What's the difference between juice and cider?


 

dmtaylor


To Americans, juice is the clear junk from the supermarket with preservatives, and cider is the cloudy stuff from either a supermarket or an orchard.

To everyone else on the planet, juice is the cloudy stuff from a supermarket or orchard, and cider is the alcoholic beverage that Americans call "hard cider". The term "hard cider" is redundant everywhere but in America.

Everyone else on the planet is right. Disregard the American terms. They're wrong.
 

 

bernardsmith


To Americans, juice is the clear junk from the supermarket with preservatives, and cider is the cloudy stuff from either a supermarket or an orchard.

To everyone else on the planet, juice is the cloudy stuff from a supermarket or orchard, and cider is the alcoholic beverage that Americans call "hard cider". The term "hard cider" is redundant everywhere but in America.

Everyone else on the planet is right. Disregard the American terms. They're wrong.
Not stupidity but prohibition may be at the root of this .. Oh wait.. Prohibition was stupid... so perhaps you are right after all.
 

podz

Prohibition was stupid, but the USA wasn't the first or last country that participated in it.

The root of prohibition in western countries was when the French decided to ban Absinthe because they thought the whole country's production would nosedive due to wanton drunkeness.
 

bernardsmith

 

Frognostic


The non-fermented juice is just called "apple juice".

And I think the origins of prohibition are in the temperance movements found throughout the Western world, including in America, in the 19th and early 20th centuries that were affiliated with tea-total Christian sects, philanthropists, proto-feminists and other do-gooder types.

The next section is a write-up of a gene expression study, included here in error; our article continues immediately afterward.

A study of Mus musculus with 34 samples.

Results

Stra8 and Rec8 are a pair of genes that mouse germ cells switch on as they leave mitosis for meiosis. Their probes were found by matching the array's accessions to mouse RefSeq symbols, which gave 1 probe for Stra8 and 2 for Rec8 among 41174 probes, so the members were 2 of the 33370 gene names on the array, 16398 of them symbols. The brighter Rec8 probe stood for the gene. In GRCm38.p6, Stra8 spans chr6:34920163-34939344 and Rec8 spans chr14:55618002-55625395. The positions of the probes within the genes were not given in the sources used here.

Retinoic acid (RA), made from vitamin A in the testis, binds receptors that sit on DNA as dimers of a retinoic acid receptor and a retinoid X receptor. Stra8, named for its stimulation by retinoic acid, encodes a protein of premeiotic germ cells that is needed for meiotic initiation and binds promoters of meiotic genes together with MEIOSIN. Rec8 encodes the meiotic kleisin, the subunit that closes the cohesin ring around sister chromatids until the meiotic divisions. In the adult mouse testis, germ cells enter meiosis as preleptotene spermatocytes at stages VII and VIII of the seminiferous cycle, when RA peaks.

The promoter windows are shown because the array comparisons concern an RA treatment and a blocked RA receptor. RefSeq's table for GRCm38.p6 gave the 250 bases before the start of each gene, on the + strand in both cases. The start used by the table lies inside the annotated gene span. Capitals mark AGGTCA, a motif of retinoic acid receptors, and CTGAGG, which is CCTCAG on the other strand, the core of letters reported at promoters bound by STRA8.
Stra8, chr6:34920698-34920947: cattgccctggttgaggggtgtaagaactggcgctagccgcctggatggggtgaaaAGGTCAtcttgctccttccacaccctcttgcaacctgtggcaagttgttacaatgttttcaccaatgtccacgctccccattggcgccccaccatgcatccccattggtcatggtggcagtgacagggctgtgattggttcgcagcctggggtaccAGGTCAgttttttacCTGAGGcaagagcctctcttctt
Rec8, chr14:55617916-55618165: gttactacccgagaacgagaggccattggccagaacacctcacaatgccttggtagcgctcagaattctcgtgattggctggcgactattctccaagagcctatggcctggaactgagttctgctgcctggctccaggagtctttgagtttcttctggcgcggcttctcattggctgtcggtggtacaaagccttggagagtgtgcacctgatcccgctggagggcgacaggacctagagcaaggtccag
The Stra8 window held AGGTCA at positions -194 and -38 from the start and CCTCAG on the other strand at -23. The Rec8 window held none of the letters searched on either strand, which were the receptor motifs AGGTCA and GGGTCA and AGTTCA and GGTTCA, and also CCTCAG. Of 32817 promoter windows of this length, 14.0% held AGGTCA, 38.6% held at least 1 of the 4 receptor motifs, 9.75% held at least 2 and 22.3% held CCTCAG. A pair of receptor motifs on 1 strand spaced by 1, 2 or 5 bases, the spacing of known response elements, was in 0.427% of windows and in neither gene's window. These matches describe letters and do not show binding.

Britain had its fair share of temperance crusaders, blaming alcohol for many of society's wrongs. "Onwards Christian Soldiers" was a temperance hymn and several dry-bars were opened selling things like dandelion and burdock to wean people off alcoholic beverages. They never quite managed to get alcohol banned in Britain like they did in America, although they would have liked to.
 

indolent


To Americans, juice is the clear junk from the supermarket with preservatives, and cider is the cloudy stuff from either a supermarket or an orchard.

To everyone else on the planet, juice is the cloudy stuff from a supermarket or orchard, and cider is the alcoholic beverage that Americans call "hard cider". The term "hard cider" is redundant everywhere but in America.

Everyone else on the planet is right. Disregard the American terms. They're wrong.
As an American, I'm curious. What do you call the, "clear junk from the supermarket," or can you not even buy it?
 

podz

QFE

Honestly?
 

podz

They don't really sell cloudy apple juice in most of Europe because nobody wants to drink it except people who don't know how to spell. You know, people who spell old as olde, ton as tonne, shop as shoppe, etc...

Anywhere you go in Europe, if you buy or order a cider then it means apple juice fermented to at least 4% ABV.
 

gratus fermentatio

The clear stuff is juice. The brown cloudy stuff is "sweet cider," thanks to prohibition, the fermented stuff is "hard cider," but far as I know, the US is the only place this is so, everybody else just calls it juice & cider.

I'm of the opinion that if it ain't fermented, it ain't cider. But there is a significant difference between the clear, filtered juice & the brown, cloudy stuff, so I've become reasonably comfortable with the terms "sweet cider" & "hard cider." It works for me.
Regards, GF.
 

podz


The apple tree in my front yard.

 

Izzie1701

 

Izzie1701




Anywhere you go in Europe, if you buy or order a cider then it means apple juice fermented to at least 4% ABV.

Now you have confused us Canadians who are torn between the metric and imperial system. Tonne and Ton are two different units of measure here and should be spelled different or a lot of engineers will be in trouble.